The 'Hangover Effect' of Socializing With Hypothyroidism
Social events and activities can be great for everyone. Spending time with friends, family or even meeting new people is good for our mental health and promotes a good work-life balance for those of us who work. It’s easy to stay home all day or become a recluse, but it takes extra effort for many hypothyroid patients to muster up the energy and enthusiasm to socialize.
For many of us, social events drain us in several ways and can leave us with a “hangover” effect.
Mentally, we can feel exhausted from trying to maintain enthusiasm for discussions, a smile on our face and the ability to follow a lot of stories and updates from several different people, due to hypothyroidism affecting how our brains function. Thyroid hormone is needed to ensure our brains work right, and when this is low, we can seem forgetful, withdrawn, confused and strained. Focusing on making sure you pay as much attention as possible when you have thyroid brain fog – which can block concentration and the ability to process information – is very mentally draining. After a social event, I often get home and sit in silence for a good while, whilst my mind is still buzzing and trying to process the day! This can have a knock-on effect where I feel physically tired, achey and withdrawn, so I often need a day or two to recuperate afterwards. It’s like being overstimulated. Even loud noises or a disruptive party at the next table in a restaurant can worsen my hypothyroid symptoms and drain me even more so.
For those of us who are quite sensitive to how others around us feel or project themselves, this can add another layer to the draining qualities of social events. I’m particularly sensitive to negative emotions and tend to suck them up. If my other half comes home after a bad day and is feeling down, I soon do, too. If I’m with someone who complains a lot and moans about everything, I soon find myself doing it and I become rather cynical, too. When we spend time with happiness-suckers (we all know who those people are) who leave us wondering why we even still bother with them, it can be especially draining on our energy and raise stress levels. They’re not good for us to hang around with too often, if at all.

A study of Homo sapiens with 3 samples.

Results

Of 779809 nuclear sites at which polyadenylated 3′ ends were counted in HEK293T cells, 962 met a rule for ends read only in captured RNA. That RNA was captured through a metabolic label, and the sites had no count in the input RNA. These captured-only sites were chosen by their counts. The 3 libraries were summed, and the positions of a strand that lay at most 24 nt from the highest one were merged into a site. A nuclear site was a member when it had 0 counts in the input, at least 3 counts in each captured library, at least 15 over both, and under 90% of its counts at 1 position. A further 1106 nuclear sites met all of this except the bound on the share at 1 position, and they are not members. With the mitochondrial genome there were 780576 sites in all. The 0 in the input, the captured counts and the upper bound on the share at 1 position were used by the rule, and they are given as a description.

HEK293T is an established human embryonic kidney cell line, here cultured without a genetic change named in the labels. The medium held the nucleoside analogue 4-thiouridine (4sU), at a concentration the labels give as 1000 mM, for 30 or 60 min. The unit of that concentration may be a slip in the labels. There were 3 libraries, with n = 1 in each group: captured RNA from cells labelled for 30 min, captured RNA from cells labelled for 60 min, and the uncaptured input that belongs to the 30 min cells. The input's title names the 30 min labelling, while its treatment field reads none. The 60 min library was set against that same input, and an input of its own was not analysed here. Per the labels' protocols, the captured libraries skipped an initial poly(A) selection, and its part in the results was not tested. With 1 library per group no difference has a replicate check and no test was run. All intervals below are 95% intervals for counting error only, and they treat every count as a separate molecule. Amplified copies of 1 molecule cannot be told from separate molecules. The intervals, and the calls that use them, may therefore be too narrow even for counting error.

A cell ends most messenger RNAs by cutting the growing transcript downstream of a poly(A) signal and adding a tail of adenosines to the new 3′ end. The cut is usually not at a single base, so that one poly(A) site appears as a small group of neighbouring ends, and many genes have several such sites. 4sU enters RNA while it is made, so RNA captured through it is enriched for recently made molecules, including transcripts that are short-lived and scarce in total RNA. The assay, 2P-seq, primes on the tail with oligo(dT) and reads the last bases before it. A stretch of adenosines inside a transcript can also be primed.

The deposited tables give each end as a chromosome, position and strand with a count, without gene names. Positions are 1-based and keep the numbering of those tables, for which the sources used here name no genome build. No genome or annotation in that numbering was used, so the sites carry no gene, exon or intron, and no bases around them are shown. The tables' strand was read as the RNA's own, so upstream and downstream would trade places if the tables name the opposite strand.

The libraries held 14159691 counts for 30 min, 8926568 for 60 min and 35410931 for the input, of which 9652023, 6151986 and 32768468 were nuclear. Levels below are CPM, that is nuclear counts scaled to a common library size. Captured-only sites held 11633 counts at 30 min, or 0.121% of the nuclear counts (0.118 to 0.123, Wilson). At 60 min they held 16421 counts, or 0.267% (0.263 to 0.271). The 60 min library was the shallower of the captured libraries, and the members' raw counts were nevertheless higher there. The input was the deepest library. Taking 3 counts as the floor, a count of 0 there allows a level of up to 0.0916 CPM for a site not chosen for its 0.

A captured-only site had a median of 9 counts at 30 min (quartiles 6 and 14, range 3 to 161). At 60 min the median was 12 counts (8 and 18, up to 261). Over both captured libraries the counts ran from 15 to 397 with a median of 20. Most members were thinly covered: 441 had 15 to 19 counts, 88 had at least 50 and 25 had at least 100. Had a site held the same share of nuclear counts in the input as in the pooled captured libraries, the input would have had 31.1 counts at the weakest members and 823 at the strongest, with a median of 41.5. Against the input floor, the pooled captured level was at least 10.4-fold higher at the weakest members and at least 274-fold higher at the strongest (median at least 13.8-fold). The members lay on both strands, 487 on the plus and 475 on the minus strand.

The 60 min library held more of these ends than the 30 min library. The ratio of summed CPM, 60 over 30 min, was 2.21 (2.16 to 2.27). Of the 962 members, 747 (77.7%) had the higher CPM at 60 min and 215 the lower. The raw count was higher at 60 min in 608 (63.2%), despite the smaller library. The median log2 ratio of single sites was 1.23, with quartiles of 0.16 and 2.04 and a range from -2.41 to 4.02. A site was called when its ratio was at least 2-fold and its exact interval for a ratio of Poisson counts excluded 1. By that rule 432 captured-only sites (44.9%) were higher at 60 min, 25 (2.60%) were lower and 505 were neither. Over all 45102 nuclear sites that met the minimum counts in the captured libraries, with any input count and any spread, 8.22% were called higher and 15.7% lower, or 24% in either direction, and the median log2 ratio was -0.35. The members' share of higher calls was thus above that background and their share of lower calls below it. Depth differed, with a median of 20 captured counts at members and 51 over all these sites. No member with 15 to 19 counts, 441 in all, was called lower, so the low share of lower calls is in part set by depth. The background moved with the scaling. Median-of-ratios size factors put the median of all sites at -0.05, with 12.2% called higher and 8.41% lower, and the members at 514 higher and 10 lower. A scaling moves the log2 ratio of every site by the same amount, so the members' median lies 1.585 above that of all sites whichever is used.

And then there is the physical fatigue. People living with a chronic illness such as hypothyroidism are often known as “spoonies,” meaning we have a limited amount of energy and need to plan our energy use wisely so as to make it through the day. This can result in a shower, getting dressed or brushing our hair becoming exhausting, so before we even arrive to meet a friend we could already be exhausted! It might sound silly or even pathetic, but when you’re that limited in energy, it’s a real issue. Having to stand at an event can be debilitating, too, let alone walking from bar to bar or doing some other form of physical activity. Drinking can also worsen hypothyroid symptoms.
If a social event is in an unfamiliar place, then this can also be tiring for a few reasons. If applicable, the anxiety and worry felt over an unusual environment (anxiety seems common among hypothyroid patients) is tiring and can be overwhelming. It can be concerning to be in an environment where we have nowhere to escape to if we suddenly feel really ill, or where we feel unsure if they cater to our dietary needs (many underactive thyroid patients follow gluten-free diets, AIP, Paleo etc. to help with symptoms). We may also have had to travel or walk a certain distance to reach the location of the event, which uses up more of our “spoons.”
If the event is at our place, we’ve got the hosting to worry about – cleaning the house beforehand, going food shopping (don’t even get me started on how energy-draining that is), preparing food and generally being the host and looking after guests and their needs. For the average person this might be a bit draining or stressful, but it soon wears us down.
So as you can see, we can easily become depleted: emotionally, mentally and, of course, physically. Many of us have to plan to have a day or two to recuperate afterwards, and if it’s a longer event, say a weekend-long wedding affair, we’ll need to double the recovery time!
I often find myself weighing whether or not a certain social event or situation is worth the recovery time afterwards or if I can afford to spend days recuperating at all. You can click on the hyperlinks in the above post to learn more and see references to information given.